Is this real life?

Boaty McBoatface sounds like something a kindergartner would say, or it may remind us of Theodore Tugboat, but it probably shouldn’t be the name of a $300 million dollar research vessel.  As the latest instance of the internet getting the best of an advertising campaign, Boaty McBoatface takes the stage as one of many well-planned engagement campaigns that had an unplanned outcome. Opening up your polls to the vast and wild internet can be exactly as it sounds, a trip back to the wild west where any gamble is a risky one. Take the lessons learned from Mountain Dew, Greenpeace and many before as an example of what NOT to do. These lessons below will help provide a cautionary (and funny) tale into the risks of opening up your campaign to the internet.

The Story of Boaty McBoatface

NERC (Natural Environment Research Council) out of the UK decided to be trendy and crowdsource the name of their new ship. Currently, RSS Boaty McBoatface is in the lead by a long shot, and NERC has to decide at some point if they are going to support the crowds of new followers and name the most advanced arctic research vessel on the Earth “Boaty”, or do they select a different contender. While this does initially seem to be a major crowdsourcing fail, NERC was fairly prepared and is handling it well and has gotten more attention for their cause than they ever could have without this campaign, which makes it a success in that right.

NERC initiated the #NameOurShip campaign on March 17 and allowed people to suggest a name and reason for their name. The names then went through an approval process before others could vote. So yes, they approved RSS Boaty McBoatface, even though they probably didn’t think it would become as popular as has it has. Check out the list of funniest names that almost made the final vote. 

Mountain Dew's "Dub the Dew" Campaign

What began as an honest attempt to give consumers the opportunity to play a part in the renaming of their product ended disastrously. In fact, the site no longer exists because the campaign back-fired so intensely! The idea was a simple one encouraging users to submit their idea for the rebranding of Mountain Dew but took a sharp turn for the worse when internet "Bad-boy" 4Chan flooded the polls with absurd and vulgar responses. We won't get into full detail about the "unique" names that were chosen but you can view more from Huffington Post here.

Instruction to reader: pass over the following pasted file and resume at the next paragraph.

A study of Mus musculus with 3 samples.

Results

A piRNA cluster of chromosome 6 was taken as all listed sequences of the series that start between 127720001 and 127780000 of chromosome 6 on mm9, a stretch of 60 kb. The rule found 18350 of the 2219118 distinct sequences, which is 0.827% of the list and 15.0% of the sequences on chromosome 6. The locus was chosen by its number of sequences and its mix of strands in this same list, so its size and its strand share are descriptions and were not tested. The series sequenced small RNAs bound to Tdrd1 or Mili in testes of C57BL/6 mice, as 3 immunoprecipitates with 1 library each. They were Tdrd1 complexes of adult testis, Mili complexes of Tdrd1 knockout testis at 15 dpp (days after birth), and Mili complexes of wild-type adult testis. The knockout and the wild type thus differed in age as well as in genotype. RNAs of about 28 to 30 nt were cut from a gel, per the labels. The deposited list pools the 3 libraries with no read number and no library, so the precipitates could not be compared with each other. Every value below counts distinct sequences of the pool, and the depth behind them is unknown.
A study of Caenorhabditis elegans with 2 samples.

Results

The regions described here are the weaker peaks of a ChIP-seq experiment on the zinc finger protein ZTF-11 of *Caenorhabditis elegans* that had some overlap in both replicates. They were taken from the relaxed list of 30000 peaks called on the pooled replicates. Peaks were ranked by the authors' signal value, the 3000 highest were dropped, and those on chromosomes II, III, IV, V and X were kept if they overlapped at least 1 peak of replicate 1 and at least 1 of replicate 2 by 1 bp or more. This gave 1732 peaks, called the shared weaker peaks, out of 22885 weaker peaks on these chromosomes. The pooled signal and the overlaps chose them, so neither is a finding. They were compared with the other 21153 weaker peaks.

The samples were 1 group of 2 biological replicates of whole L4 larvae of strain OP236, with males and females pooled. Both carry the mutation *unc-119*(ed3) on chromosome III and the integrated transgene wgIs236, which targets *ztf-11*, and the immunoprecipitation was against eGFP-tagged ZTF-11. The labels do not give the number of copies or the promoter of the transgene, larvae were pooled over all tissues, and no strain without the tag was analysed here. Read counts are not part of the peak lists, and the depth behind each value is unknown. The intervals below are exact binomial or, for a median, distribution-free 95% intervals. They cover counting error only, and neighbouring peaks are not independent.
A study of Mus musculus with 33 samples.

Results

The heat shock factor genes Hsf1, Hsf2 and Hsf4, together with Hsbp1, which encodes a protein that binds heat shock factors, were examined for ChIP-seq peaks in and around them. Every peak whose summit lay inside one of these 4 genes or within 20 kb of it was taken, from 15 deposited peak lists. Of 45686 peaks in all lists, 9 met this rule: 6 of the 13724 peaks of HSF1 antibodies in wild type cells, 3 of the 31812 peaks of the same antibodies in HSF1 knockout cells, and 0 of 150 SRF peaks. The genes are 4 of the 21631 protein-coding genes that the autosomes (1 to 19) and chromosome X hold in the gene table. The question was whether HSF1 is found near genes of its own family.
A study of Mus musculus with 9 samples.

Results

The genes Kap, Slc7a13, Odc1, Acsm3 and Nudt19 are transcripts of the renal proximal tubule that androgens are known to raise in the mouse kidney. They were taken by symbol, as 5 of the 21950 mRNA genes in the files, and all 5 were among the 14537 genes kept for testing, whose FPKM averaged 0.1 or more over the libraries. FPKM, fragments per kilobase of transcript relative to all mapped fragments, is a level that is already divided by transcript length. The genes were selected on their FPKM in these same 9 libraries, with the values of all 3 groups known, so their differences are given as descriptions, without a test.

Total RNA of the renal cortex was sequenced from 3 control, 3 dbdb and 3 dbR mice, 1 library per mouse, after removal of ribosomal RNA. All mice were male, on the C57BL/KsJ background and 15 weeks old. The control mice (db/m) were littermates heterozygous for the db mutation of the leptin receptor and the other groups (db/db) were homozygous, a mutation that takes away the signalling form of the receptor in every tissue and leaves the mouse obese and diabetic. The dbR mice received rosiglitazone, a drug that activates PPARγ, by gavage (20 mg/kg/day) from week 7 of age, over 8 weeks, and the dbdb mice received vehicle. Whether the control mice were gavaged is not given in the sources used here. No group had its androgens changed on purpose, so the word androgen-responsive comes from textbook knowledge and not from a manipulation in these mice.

Greenpeace "Mister Splashy Pants" Campaign

Originally, Greenpeace most likely had something else in mind when starting a campaign to name a whale but yet again, the internet had fun with it. Out of over 11,000 submissions "Mister Splashy Pants" took home over 78% percent of the vote! Fortunately, Greenpeace smiled at the opportunity to humor its audience and did, in fact, name the whale Mister Splashy Pants.  This is one of the more tame examples of how the internet can take off without a warning but fortunately, this campaign still had a pretty positive impact. For the full story on the campaign and how the company reacted, click here to read further. 

Learning Opportunities

With many examples of how a simple creative campaign idea can turn into something nasty, here are some of my key takeaways to avoid putting yourself in these situations:

  • Be clear and expect the unexpected
  • Don't allow ideas to be seen without some form of approval/review process
  • Keep it interesting in your campaigns and take advantage of positive opportunities (like Mister Splashy Pants)
  • Monitor the direction of your campaign and be prepared to adapt
  • Be engaged with your audience throughout the process

In short, planning for anything and everything can save you a ton of headaches when you open up your campaigns to the wild internet but keep a positive outlook! Things can certainly turn out for the best if you are prepared and take the appropriate precautions when creating an open response campaign.